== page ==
A combination of several independent factors, including key departures and underperforming satellite offices, are said to be largely responsible for the struggles of Connolly Bove Lodge & Hutz, which is currently mulling a dissolution. One Delaware legal expert described the situation as "a perfect storm."
The factors, according to sources nationwide familiar with the matter, are said to be the departures of C.J. Seitz and Kevin F. Brady from the firm's business group; expansion offices in Washington, D.C., and Los Angeles, which were said not to have met expectations; a reduction in patent litigation from one of the firm's biggest clients, Pfizer Inc.; the possibility of a reduced role for longtime partner Rudolf E. Hutz; and debt incurred during the firm's 2003 move to the Nemours Building.
Delaware sources have not pointed to one particular factor as being the cause of Connolly Bove's predicament, saying that each issue has contributed to the firm's situation.
"It's a head scratcher because this is a good firm and there was no real tipping point," said one source familiar with the firm.
Multiple phone and email messages from Delaware Law Weekly to firm partners Arthur G. "Chip" Connolly III and Jeffrey Bove seeking comment have not been returned.
According to sources, the firm's Washington office, which opened in 2001, and its Los Angeles satellite, which opened in 2005, have struggled since their launch. They are relatively small, with only 14 attorneys in Los Angeles and 10 in Washington, but both were top-heavy with partners.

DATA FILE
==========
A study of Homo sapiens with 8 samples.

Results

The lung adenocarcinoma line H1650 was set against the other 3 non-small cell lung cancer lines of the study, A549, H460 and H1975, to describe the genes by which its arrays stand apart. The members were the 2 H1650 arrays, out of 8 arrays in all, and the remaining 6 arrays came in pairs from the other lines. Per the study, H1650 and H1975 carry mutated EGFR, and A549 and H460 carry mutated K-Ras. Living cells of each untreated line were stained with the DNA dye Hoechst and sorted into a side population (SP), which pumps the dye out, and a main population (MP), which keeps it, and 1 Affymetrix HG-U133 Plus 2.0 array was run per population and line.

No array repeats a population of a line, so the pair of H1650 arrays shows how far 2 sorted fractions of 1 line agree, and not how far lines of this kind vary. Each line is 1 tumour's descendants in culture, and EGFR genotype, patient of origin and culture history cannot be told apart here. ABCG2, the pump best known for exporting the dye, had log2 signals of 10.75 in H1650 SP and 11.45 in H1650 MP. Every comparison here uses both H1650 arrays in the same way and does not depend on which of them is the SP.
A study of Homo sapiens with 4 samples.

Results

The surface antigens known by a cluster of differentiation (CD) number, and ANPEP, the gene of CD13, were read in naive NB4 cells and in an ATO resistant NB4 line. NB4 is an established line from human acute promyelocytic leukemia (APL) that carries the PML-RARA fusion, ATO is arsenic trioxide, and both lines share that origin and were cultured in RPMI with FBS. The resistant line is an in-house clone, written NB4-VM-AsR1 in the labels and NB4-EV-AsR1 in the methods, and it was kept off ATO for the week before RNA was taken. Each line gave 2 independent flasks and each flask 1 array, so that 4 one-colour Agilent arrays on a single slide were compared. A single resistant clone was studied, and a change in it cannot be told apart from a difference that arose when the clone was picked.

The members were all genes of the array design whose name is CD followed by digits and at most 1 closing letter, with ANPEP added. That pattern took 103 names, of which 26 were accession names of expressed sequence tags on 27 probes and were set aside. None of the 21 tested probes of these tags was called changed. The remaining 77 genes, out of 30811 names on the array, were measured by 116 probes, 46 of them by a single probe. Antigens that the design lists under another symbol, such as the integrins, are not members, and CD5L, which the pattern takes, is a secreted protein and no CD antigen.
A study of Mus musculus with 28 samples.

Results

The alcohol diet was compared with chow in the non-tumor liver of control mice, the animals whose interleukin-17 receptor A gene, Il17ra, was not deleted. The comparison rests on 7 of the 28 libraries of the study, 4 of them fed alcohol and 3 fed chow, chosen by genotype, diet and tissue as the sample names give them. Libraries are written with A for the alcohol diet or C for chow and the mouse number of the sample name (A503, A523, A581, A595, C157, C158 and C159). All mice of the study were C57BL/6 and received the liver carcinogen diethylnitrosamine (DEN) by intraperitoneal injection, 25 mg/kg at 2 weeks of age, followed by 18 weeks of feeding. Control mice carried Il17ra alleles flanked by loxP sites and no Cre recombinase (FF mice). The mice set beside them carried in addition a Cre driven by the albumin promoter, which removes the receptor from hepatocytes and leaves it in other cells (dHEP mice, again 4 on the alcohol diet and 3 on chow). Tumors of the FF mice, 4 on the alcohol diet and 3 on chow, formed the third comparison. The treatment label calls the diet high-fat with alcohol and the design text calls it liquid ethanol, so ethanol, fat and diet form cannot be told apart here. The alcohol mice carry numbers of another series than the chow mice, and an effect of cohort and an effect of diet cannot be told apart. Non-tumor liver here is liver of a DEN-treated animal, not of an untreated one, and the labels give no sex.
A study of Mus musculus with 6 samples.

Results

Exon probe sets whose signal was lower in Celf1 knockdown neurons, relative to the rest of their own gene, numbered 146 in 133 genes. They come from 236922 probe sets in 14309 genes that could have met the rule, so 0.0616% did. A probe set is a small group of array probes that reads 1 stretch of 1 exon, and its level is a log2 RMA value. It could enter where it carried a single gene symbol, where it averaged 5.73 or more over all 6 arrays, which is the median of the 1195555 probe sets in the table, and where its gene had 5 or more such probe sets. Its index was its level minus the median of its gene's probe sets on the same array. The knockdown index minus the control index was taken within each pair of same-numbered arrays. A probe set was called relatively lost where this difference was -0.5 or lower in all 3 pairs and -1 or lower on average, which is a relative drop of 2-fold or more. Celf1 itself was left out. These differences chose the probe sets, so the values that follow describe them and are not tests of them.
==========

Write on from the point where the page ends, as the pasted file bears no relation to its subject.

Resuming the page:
Of the 14 attorneys in Los Angeles, five are partners and four are associates, with the remaining attorneys being of counsel, according to the firm's website. In Washington, the office is composed of six partners, three associates and one of counsel.
According to one legal industry source, offices that are composed mostly of partners are a key sign of a slow workflow. Typically, in such offices, the partners bill at a lower rate and don't delegate to associates, although it could not be learned if that is specifically the case at Connolly Bove's two satellite offices.
The Washington office, which specializes in patent litigation, was said to have been hurting from a key departure. In 2010, the office lost partner Michael Verga, who left for Kilpatrick Stockton, which has since been renamed Kilpatrick Townsend & Stockton. Verga brought three associates and one counsel with him to his new firm.